Meta is introducing the first in a new line of high-end VR and mixed reality headsets starting with the Meta Quest Pro (which was previously demoed under its code name, Project Cambria). “Pro” tends to overused in the tech world, but Meta actually sees the Quest Pro being used by professionals, while the Quest 2 will stick around for casual gaming.
The Quest Pro is powered by the Snapdragon XR2+ Gen 1, which Qualcomm unveiled today. It promises 50% higher sustained performance than the XR2 inside the Quest 2 as well as a 30% improvement to thermals. The new chip is paired with double the RAM, 12GB, and more storage too, 256GB (up from 6/128GB for the Quest 2).
The Pro replaces the Fresnel lens with “pancake” optics, which reduce the depth of the device by 40% while keeping the visuals tack sharp. According to Meta, the Pro improves sharpness by 25% in the center view and by 50% in the peripheral vision. Speaking of, the headset is designed to leave part of your peripheral vision uncovered so that you remain aware of your surroundings. For an immersive VR experience, there are partial light blocks included in the package.
The Quest Pro uses new displays too – two LCDs with quantum dot tech and local dimming. Custom hardware controls the 500 backlight LEDs and combined with clever software it boosts contrast by 75%. The new displays have 37% more pixels per inch and 10% more pixels per degree, they also have a 30% wider color gamut.
The Pro is designed for mixed reality use from the ground up. It has 10 cameras – 5 looking out and 5 looking in, each of them a color camera with 4x the resolution of the Quest 2 (which used monochrome cams). This enables more accurate scanning of your surroundings but also full-color passthrough and eye and expression tracking (more on that in a bit).
With passthrough you can set up virtual monitors all around you while having a clear view of your real-world keyboard and mouse. Another example use case is allowing architecture designers to create 3D models and place them around the room for a virtual preview of a redesign.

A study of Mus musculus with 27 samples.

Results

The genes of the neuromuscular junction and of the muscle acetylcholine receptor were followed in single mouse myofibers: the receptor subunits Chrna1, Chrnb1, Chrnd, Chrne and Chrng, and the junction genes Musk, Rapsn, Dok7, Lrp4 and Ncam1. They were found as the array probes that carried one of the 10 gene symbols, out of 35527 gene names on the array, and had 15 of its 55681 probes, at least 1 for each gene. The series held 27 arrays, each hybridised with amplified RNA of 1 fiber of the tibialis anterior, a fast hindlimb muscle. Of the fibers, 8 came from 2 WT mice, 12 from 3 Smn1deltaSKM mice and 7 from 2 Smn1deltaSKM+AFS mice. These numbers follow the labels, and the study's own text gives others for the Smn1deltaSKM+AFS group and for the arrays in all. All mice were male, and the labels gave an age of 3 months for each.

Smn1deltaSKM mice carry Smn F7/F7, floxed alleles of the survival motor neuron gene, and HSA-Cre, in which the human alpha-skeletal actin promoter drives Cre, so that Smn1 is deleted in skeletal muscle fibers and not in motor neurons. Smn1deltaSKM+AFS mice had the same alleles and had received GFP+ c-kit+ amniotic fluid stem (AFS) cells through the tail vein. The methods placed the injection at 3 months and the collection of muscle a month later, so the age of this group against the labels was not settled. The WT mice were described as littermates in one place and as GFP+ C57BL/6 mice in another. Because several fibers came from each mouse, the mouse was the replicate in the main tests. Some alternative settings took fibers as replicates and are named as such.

As for the cameras looking in, they track your eyes and face so that your virtual avatar can mimic your expression. This is turned off by default and the tracked data never leaves the headset.
The Meta Quest Pro brings new controllers, dubbed the Quest Touch Pro. They have internal sensors that let them do their own tracking (previously that was the headset’s job), so you can even use them behind your back. They have also been redesigned to be more ergonomic and with better haptic feedback.
The standard retail package includes a charging dock too (combined with a 45W USB-C adapter). This can charge the headset and controllers simultaneously (the controllers now have rechargeable batteries).
The Meta Quest Pro will be available from October 25 for $1,500, nearly four times the price of the Quest 2. You can pre-order it from the Meta Store in all countries where Quest products are sold. The headset will also be available from Amazon in the US, UK, Canada and France. If you prefer brick and mortar stores, you will be able to visit Best Buy in the US and Canada, Argos and Currys in the UK, FNAC and Boulanger in France and pick one up.
By the way, the Quest Touch Pro controllers are compatible with the Quest 2. They will be available as a separate purchase for $300 later this year.